8 June 2017 - Tal Linzen: Seminar
Structure-sensitive dependency learning in recurrent neural networks
Neural networks have recently become ubiquitous in natural language processing systems. Yet we typically have little understanding of cognitive capabilities of these networks beyond their overall accuracy in an applied task. The present work investigates the ability of recurrent neural networks (RNNs), which are not equipped with explicit syntactic representations, to learn structure-sensitive dependencies from a natural corpus; we use English subject-verb number agreement as our test case.
We examine the success of the RNNs (in particular LSTMs) in predicting whether an upcoming English verb should be plural or singular. We focus on specific sentence types that are indicative of the network's syntactic abilities; our tests use both naturally occurring sentences and constructed sentences from the experimental psycholinguistics literature. We analyze the internal representations of the network to explore the sources of its ability (or inability) to approximate sentence structure. Finally, we compare the errors made by the RNNs to agreement attraction errors made by humans.
RNNs were able to approximate certain aspects of syntactic structure very well, but only in common sentence types and only when trained specifically to predict the number of a verb (as opposed to a standard language modeling objective). In complex sentences their performance degraded substantially; they made many more errors than human participants. These results suggest that stronger inductive biases are likely to be necessary to eliminate errors altogether; we begin to investigate to what extent these biases can arise from multi-task learning. More broadly, our work suggests that methods from linguistics and psycholinguistics may help us understand the abilities and limitations of "black-box" neural network models.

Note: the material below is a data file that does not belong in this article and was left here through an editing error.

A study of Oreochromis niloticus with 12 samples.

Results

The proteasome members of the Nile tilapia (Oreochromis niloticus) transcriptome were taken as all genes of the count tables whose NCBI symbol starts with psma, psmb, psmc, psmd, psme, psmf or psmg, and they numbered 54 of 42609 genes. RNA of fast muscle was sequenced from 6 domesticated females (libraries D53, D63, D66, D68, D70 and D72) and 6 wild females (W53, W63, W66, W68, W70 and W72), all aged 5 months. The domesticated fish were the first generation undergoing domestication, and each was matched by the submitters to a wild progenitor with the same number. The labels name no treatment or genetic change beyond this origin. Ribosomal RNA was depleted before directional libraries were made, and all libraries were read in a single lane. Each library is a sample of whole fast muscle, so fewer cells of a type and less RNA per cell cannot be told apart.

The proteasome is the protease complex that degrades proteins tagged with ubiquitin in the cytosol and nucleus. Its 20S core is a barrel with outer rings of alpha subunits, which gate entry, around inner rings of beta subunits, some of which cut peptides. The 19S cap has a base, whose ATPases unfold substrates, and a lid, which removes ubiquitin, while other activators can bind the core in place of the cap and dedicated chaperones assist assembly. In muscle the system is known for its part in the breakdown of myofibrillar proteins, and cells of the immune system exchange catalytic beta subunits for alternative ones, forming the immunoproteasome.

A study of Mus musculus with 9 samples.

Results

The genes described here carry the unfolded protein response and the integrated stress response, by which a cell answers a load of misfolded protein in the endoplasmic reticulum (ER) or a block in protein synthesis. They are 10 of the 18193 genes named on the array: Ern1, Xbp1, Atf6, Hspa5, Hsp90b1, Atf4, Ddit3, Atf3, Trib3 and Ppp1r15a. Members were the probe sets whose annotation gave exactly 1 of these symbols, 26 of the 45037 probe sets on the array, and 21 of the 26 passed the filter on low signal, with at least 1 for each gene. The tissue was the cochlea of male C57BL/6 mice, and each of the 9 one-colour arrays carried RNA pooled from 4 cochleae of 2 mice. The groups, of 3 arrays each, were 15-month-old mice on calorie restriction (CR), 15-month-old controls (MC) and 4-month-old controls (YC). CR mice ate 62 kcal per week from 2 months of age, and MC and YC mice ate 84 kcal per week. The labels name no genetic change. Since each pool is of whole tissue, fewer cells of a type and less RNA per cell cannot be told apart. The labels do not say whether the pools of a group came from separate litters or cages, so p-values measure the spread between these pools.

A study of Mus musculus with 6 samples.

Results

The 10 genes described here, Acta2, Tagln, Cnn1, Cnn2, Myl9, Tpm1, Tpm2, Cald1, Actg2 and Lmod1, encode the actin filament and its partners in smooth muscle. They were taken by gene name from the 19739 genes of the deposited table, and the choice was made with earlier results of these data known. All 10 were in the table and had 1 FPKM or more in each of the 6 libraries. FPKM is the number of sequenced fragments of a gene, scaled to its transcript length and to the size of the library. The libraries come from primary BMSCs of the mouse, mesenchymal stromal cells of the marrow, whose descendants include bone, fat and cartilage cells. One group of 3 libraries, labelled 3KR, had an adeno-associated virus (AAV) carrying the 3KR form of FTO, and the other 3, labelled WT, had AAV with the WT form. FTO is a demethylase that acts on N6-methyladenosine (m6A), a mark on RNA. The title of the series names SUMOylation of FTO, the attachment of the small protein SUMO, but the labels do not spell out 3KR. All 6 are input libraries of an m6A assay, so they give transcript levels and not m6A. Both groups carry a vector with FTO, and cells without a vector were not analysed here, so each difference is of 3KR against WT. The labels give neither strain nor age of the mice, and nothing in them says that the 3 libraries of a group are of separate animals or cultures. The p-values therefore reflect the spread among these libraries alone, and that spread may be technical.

Tal Linzen is currently a postdoctoral researcher at the École Normale Supérieure in Paris, affiliated with the Laboratoire de Sciences Cognitives et Psycholinguistique and Institut Jean Nicod; he will join Johns Hopkins University as an Assistant Professor of Cognitive Science in July 2017. Tal obtained his PhD from New York University in 2015 under the supervision of Alec Marantz. His interests are in developing and testing cognitive models of human language; particular problems he has worked on are probabilistic prediction in language comprehension, generalization in language learning and the linguistic capacities of artificial neural networks.